Vanda Asapahu is second-generation owner and chef of Ayara Thai in Los Angeles. Vanda worked with non-profit organizations and the United Nations in Thailand. Living in Thailand allowed Vanda to revive old family recipes and travel through the different regions to discover new tastes and inspirations. Vanda brings her individual experiences back to their family restaurant to push the boundaries of Thai cuisine — by adopting her parents’ recipes, creating new flavors inspired by her families experience as first-generation Thai-Americans, and sourcing environmentally-conscious ingredients. Vanda is committed to infusing contemporary values with the Thai culinary heritage that she and her siblings have inherited from their parents.
Please share an off-menu family recipe (or description) or a personal intergenerational food story
Khai Palo is a classic comfort food for many Thai-Chinese families including ours. I’ve come to understand that every family has a slightly different recipe. My family makes it by caramelizing pork belly and hard boiled egg with palm sugar and black soy, and seasoning it with Thai soy, fish sauce, Chinese five-spice, garlic and cilantro roots. This recipe was developed by my Chinese grandmother, who sold this dish out of her curry stall off the banks of the Chao Phaya River as a means to support her eight kids. My father tweaked his mother’s recipe when he moved to California in the early 80’s by adding tofu (nutritious, yet economical) and pairing it with a chili garlic sauce (yes, he made nam jim for it). I can only imagine my grandmother rolling in her grave at the sound of that; these are the exact words I tell my father when he learned of how my siblings and I have adjusted to the recipe. Instead of a hard boiled egg, we opted for a soft boiled egg which is still caramelized and flavorful. And rather than stewing the pork belly in a pot for hours on end (sometimes overnight), we’ve pressure cooked it (saving on time, without compromising the flavor). Food, like language and culture, changes with time – and I’m excited to share my family’s Thai-Chinese-American version of Khai Palo.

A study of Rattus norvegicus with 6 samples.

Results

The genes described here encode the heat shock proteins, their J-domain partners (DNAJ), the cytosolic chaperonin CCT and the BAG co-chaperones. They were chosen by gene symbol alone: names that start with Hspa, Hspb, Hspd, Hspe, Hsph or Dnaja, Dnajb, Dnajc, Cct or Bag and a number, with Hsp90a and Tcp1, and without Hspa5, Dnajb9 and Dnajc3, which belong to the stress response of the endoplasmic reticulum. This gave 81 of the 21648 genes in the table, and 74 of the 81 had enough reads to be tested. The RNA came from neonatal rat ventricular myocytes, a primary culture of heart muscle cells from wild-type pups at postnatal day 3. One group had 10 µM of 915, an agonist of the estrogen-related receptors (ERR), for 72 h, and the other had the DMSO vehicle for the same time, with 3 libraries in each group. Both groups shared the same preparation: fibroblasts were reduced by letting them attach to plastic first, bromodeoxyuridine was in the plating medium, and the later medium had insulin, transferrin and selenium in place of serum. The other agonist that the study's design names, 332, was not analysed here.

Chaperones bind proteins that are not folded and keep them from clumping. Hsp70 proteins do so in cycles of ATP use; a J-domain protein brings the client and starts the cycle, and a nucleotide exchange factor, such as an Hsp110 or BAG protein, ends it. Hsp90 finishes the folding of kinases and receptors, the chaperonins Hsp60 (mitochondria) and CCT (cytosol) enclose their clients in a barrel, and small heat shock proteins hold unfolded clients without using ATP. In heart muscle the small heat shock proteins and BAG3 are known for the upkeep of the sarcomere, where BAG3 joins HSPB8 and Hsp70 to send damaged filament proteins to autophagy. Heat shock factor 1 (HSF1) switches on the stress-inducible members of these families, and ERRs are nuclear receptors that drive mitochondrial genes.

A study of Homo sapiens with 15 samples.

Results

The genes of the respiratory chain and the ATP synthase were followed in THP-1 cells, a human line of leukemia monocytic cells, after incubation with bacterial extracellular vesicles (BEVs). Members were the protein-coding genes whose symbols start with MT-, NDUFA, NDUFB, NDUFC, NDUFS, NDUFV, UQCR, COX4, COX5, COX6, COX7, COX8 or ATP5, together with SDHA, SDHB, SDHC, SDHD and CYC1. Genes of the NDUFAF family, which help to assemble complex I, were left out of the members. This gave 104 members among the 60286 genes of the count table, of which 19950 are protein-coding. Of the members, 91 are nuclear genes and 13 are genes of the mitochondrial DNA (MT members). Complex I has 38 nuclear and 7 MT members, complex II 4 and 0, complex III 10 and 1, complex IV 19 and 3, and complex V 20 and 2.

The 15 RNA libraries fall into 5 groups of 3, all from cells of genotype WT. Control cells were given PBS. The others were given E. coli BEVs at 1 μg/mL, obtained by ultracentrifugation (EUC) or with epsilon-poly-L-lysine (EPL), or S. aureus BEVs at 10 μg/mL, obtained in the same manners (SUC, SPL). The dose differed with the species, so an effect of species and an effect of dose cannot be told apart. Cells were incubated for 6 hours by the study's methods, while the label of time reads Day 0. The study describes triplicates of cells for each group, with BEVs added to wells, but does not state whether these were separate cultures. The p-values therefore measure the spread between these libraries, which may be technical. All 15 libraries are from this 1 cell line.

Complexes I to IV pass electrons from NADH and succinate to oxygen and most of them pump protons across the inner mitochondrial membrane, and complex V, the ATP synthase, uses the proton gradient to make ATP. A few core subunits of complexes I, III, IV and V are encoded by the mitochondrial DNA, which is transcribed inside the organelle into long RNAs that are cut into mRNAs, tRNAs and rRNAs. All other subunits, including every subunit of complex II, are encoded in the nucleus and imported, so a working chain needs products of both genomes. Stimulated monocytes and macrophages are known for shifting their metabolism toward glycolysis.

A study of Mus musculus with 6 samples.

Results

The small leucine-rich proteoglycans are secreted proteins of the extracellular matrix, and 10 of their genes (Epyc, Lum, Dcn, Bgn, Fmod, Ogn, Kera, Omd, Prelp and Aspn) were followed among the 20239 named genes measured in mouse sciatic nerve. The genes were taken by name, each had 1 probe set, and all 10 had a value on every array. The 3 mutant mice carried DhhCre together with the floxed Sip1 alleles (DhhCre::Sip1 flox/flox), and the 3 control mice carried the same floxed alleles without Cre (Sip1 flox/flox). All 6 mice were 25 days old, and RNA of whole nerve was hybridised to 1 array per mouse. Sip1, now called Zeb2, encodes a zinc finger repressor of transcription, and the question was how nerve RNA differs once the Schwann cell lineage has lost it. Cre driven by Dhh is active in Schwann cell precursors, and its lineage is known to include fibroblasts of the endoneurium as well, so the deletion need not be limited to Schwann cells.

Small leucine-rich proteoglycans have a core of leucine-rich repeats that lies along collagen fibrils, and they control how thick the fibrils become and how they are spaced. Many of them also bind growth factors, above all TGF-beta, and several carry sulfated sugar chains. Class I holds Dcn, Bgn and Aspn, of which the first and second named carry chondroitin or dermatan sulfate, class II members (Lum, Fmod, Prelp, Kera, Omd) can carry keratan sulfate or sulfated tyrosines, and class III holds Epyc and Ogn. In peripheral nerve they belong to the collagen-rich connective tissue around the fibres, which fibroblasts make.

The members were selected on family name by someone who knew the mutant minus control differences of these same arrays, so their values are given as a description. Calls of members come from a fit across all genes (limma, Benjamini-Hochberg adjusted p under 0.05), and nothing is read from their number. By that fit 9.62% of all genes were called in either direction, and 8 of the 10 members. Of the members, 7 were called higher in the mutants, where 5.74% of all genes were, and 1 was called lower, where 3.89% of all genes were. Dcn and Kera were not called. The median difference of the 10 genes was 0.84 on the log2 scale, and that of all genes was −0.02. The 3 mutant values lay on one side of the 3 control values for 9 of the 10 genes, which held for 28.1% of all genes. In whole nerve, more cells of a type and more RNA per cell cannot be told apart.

What does participation at LUCKYRICE signify to you?
LUCKYRICE is a curation of the Asian-American food scene of the city it is hosting. And often a gathering of chefs/restauranteurs with similar experiences and struggles. To me, its a reunion of familiar faces. I often do not get much time outside of the restaurant, and events like LuckyRice allows me to catch-up with old friends over delicious food and tasty drinks.
What do you think of the Asian food moment right now?
As a restaurant kid, I love seeing so many of us leaving the corporate world to cook our version of what we grew up eating.
Catch Chef Vanda and the Ayara Thai team at the #LUCKYRICE18 Breaking Bao Intergenerational Feast: Los Angeles on July 26th.